Campus is Good for Learning, Even if Classes Are Online
New research shows how social networks boost academic attainment
The 2020 pandemic led to nation-wide university shutdowns and an abrupt shift to online learning. Aside from the technological changes that naturally come with online instruction, online learning at scale produces a unique problem of its own: social isolation.
Humans are social learners – in fact, we excel at it. We have evolved to be a highly cooperative, social species with brains that are built to learn. But online learning characterized by staring at a screen and working your way through clogged course pages and asynchronous activities is not the ideal environment for our natural learning instincts to thrive – the social aspect to learning is fundamental.
So, after a semester (plus half) of online courses, what do we know about how the transition to online education at scale affected the student learning experience? If I am being honest, not much in my opinion. I haven’t come across robust large-N data on academic outcomes over the pandemic semester (please, send me sources if you have them), but if K12 is any indication, higher ed students are likely learning less, too.
There are numerous reasons for this, including the important fact that most professors have little to no training in teaching online (or teaching in-person for that matter). Many students also have no prior experience taking online courses, and a substantial minority of students are experiencing problems of technology access.
The research that is coming out on the effects of the pandemic semester are largely survey results from organizations, rather than universities. What do these surveys show? A few notable highlights:
77% of students report online learning to be much harder than in person learning.
58% of students are struggling to keep up academically.
58% of students report that feeling lonely or isolated has been challenging during the fall semester.
84% of students report that socializing with friends is what they missed most about college.
76% of students (or maybe 52% according to the below figure) miss in-class instruction.
71% of students miss attending events on and off campus.
A trend that these findings have in common is that students are missing the social aspects of the college experience – being in the classroom, hands-on learning, dorm and group living, socializing with friends, going to campus events, etc. Without these social experiences, students are also reporting that keeping up on academics is harder and that the learning experience is more difficult, too.
If we assume courses online and in-person to be equivalent (which we shouldn’t, but let’s assume), why might campus socializing be beneficial to students, both personally and academically?
A new study published in PLoS One evaluated the role of friendship networks and study support networks on university students’ GPA (data from 2013-14 academic year). The authors asked students to identify both informal friendship circles (those they spend the most time with) and study assistance networks (those they ask for help the most on academics) to evaluate how academic achievement spreads though these networks. Put differently, how do social networks impact university GPA.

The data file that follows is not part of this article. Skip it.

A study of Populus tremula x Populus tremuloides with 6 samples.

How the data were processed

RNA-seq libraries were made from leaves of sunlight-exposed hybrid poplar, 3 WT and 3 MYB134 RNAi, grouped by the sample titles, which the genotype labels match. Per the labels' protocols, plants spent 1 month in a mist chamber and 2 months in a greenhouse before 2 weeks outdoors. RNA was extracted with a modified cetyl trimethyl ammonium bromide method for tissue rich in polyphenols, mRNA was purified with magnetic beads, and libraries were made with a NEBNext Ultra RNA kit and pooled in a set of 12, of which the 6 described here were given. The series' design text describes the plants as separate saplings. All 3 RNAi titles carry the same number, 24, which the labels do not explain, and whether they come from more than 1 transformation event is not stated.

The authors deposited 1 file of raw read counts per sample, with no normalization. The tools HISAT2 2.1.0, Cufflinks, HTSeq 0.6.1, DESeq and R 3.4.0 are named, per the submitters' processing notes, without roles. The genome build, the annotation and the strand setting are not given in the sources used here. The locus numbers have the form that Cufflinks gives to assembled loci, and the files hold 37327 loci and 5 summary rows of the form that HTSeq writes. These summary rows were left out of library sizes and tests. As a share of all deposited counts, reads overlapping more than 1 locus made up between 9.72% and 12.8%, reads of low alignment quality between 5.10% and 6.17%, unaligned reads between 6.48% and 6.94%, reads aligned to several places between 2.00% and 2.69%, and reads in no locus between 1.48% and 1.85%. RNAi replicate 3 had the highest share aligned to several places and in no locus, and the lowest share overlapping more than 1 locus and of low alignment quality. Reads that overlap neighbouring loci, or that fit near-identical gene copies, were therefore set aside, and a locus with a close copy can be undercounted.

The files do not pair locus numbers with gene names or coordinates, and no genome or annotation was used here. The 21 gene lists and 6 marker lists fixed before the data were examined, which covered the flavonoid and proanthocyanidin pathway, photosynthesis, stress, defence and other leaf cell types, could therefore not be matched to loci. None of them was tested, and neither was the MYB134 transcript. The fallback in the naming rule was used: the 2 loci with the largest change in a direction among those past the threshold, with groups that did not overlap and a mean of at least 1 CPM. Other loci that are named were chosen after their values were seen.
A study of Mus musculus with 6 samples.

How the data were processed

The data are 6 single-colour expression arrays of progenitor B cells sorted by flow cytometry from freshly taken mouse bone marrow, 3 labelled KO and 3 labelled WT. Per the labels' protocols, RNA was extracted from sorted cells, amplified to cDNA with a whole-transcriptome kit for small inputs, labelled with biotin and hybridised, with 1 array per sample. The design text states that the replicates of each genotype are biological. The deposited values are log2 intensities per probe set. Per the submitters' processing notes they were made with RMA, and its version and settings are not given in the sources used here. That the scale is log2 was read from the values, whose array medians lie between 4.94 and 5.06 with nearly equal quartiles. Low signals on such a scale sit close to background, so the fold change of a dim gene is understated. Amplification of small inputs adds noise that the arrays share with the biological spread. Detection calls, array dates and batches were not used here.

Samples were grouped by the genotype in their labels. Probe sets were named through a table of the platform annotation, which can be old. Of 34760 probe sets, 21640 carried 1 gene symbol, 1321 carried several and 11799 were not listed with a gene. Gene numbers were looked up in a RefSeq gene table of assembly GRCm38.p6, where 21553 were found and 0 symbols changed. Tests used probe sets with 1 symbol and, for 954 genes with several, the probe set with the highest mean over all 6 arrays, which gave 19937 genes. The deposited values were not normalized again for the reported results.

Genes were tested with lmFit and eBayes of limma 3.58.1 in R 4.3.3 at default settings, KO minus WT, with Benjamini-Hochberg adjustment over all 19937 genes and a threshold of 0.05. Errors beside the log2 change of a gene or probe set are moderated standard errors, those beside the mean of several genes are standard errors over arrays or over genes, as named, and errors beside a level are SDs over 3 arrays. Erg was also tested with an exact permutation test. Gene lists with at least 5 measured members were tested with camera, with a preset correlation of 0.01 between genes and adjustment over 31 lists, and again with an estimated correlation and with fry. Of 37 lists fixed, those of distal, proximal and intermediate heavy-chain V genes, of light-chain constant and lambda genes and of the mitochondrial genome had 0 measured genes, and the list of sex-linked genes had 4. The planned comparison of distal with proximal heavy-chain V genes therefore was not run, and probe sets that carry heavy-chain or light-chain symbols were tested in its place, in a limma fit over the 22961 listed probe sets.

Although one might initially think that social networks built explicitly around academics may have greater impacts on academic performance, the authors actually found that friendship networks were more impactful for explaining how academic achievement spreads.
Academic performance of students tends to become similar to the performance of their friends. In other words, academic achievements diffuse through friendship ties. . . [however] the effect of social selection in the friendship network is not significant. This means that students do not have a preference to befriend students with similar academic achievements.
This research builds on other studies that have investigated the role of social networks – and specifically who students spend their time with – on academic outcomes. Previous studies have shown how random assignment of roommates in college dorms impacts GPA of university freshmen. And, cohort models of learning, like those often found in medical programs, tend to have positive impacts on learning.
Some universities are applying social network research to enact new policies. Recently, for example, Michigan State University has announced a new housing requirement aimed at sophomores in which they will now be required to live on campus during their second year. The university cites their institutional research showing that graduation rates for campus-living students is higher, especially during their second year. In theory, this is a good idea given what we know about social networks and academic achievement (though understandably students and alumni of Michigan State are citing this new policy as a “money grab” for the university).
Humans are built to learn, and specifically to learn socially. Isolation from social networks, which are strongly tied to academic communities and college campuses, may be having a negative impact on the spread of complex behaviors related to educational achievement, such as studying. The reports that are surfacing of students finding it difficult to focus on their academic work and lacking motivation may be related, in part, to being removed from their social networks.
Online education has been prominent in the higher ed landscape for quite some time, but comparing the outcomes of those that select into traditional or online learning environments is not a helpful comparison because of the selection bias of those students. The pandemic, however, has created a natural experiment in which to study how abrupt and involuntary severing of social networks and learning communities are impacting student outcomes. Focused research on this topic as a result of the pandemic is an area that educational research shouldn’t overlook.